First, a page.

We here at Substream love to give you our fresh takes on the best new theatrical and VOD releases, but what if you love something enough to want to own a physical copy? This is our rundown of this week’s best new releases on DVD and Blu-ray, so that you know what films to add to your home video library.
Finding Dory reunites the friendly-but-forgetful blue tang fish, Dory, with her friends Nemo and Marlin on a search for answers about her past. What can she remember? Who are her parents? And where did she learn to speak Whale?
The Beatles: Eight Days a Week – The Touring Years (Nov. 18)
The Beatles: Eight Days A Week – The Touring Years documents the first part of the Beatles’ career (1962-1966)—the period in which they toured and captured the world’s acclaim. Ron Howard’s film explores how John Lennon, Paul McCartney, George Harrison, and Ringo Starr came together to become the extraordinary phenomenon, the Beatles. It chronicles their inner workings—how they made decisions, created their music, and built their collective career together—all the while, exploring the Beatles’ extraordinary and unique musical gifts and their remarkable, complementary personalities.
Fort Tilden: New York City’s secluded seaside nirvana where, like flies to honey, Brooklyn’s hip millennial set flocks on sweltering weekend afternoons for unbridled summertime indulgence. Amidst the vexing stagnation of quarter-life crises, Allie (Clare McNulty) struggles to prepare for the Peace Corps, while Harper (Bridey Elliot) awaits checks from her father to fund her artistic dreams. But the two friends quickly shun responsibilities for the day when a pair of good-looking guys invites them along for a carefree Fort Tilden afternoon. As the two young women board their fixed-gear bicycles and embark on a lengthy journey to the beach, they quickly realize that, akin to their confusing, transitioning lives, they neither know where they’re going nor how they plan to get there.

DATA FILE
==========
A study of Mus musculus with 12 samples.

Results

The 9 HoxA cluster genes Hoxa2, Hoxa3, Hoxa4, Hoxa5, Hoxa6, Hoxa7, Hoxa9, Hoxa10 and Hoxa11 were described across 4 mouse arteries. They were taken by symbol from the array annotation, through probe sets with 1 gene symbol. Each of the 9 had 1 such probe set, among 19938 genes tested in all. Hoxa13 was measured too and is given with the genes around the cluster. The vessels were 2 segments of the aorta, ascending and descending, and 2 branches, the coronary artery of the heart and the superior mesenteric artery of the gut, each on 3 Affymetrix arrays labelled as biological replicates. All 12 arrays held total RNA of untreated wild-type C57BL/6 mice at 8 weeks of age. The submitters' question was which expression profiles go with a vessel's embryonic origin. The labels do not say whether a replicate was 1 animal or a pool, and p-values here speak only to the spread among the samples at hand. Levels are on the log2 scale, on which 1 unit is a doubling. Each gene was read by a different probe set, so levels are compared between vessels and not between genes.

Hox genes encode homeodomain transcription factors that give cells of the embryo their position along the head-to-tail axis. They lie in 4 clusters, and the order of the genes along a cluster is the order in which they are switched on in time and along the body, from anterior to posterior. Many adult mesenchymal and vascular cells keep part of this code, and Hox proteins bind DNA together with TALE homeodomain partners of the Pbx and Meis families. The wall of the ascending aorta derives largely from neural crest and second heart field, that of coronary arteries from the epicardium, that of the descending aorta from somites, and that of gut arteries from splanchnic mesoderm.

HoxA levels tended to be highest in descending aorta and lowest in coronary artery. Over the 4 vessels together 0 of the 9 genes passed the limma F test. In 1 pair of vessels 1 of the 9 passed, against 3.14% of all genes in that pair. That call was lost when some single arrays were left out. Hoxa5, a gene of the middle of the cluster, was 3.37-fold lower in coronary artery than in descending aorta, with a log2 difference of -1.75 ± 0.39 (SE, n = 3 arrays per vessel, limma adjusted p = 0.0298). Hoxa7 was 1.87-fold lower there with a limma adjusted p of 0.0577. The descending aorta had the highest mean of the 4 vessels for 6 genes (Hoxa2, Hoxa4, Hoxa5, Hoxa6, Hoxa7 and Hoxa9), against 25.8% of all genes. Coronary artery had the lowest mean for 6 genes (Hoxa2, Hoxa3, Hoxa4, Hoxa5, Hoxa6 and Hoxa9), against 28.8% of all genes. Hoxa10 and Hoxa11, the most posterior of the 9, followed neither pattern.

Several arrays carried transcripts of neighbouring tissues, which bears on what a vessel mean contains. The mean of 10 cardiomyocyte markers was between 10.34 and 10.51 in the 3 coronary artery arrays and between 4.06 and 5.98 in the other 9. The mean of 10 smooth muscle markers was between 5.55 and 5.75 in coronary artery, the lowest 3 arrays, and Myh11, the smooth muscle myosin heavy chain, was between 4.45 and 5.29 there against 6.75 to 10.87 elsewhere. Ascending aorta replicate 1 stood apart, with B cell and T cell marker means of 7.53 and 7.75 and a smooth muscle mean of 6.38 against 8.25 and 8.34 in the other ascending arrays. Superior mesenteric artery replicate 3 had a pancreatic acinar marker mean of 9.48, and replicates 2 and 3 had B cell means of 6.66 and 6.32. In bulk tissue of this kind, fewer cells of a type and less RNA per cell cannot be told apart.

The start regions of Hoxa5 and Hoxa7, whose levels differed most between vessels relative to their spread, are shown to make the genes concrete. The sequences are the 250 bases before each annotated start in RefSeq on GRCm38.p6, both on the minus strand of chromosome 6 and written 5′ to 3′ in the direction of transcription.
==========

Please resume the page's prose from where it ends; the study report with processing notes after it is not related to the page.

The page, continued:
Margherita (Margherita Buy) is a harried film director trying to juggle the demands of her latest movie and a personal life in crisis. The star of her film, a charming but hammy American actor (John Turturro) imported for the production, initially presents nothing but headaches and her crew is close to mutiny. Away from the shoot, Margherita tries to hold her life together as her beloved mother’s illness progresses, and her teenage daughter grows ever more distant.
Akira Kurosawa’s Dreams
NEW TO THE CRITERION COLLECTION: Unfolding in a series of eight mythic vignettes, this late work by Akira Kurosawa was inspired by the beloved director’s own nighttime visions, along with stories from Japanese folklore. In a visually sumptuous journey through the master’s imagination, tales of childlike wonder give way to apocalyptic apparitions: A young boy stumbles on a fox wedding in a forest; a soldier confronts the ghosts of the war dead; a power plant meltdown smothers a seaside landscape in radioactive fumes. Interspersed with reflections on the redemptive power of creation, including a richly textured tribute to Vincent van Gogh (who is played by Martin Scorsese), Akira Kurosawa’s Dreams is both a showcase for its maker’s artistry at its most unbridled and a deeply personal lament for a world at the mercy of human ignorance.
NEW TO THE CRITERION COLLECTION: There was before Breathless, and there was after Breathless. Jean-Luc Godard burst onto the film scene in 1960 with this jazzy, free-form, and sexy homage to the American film genres that inspired him as a writer for Cahiers du cinéma. With its lack of polish, surplus of attitude, anything-goes crime narrative, and effervescent young stars Jean-Paul Belmondo and Jean Seberg, Breathless helped launch the French New Wave and ensured that cinema would never be the same.
NEW TO THE CRITERION COLLECTION: Chaos lurks in every corner of this giddily off-kilter foray into romantic comedy by Paul Thomas Anderson. Struggling to cope with his erratic temper, novelty-toilet-plunger salesman Barry Egan (Adam Sandler, demonstrating remarkable versatility in his first dramatic role) spends his days collecting frequent-flyer-mile coupons and dodging the insults of his seven sisters. The promise of a new life emerges when Barry inadvertently attracts the affection of a mysterious woman named Lena (Emily Watson), but their budding relationship is threatened when he falls prey to the swindling operator of a phone sex line and her deranged boss (played with maniacal brio by Philip Seymour Hoffman). Fueled by the careening momentum of a baroque-futurist score by Jon Brion, the Cannes-award-winning Punch-Drunk Love channels the spirit of classic Hollywood and the whimsy of Jacques Tati into an idiosyncratic ode to the delirium of new romance.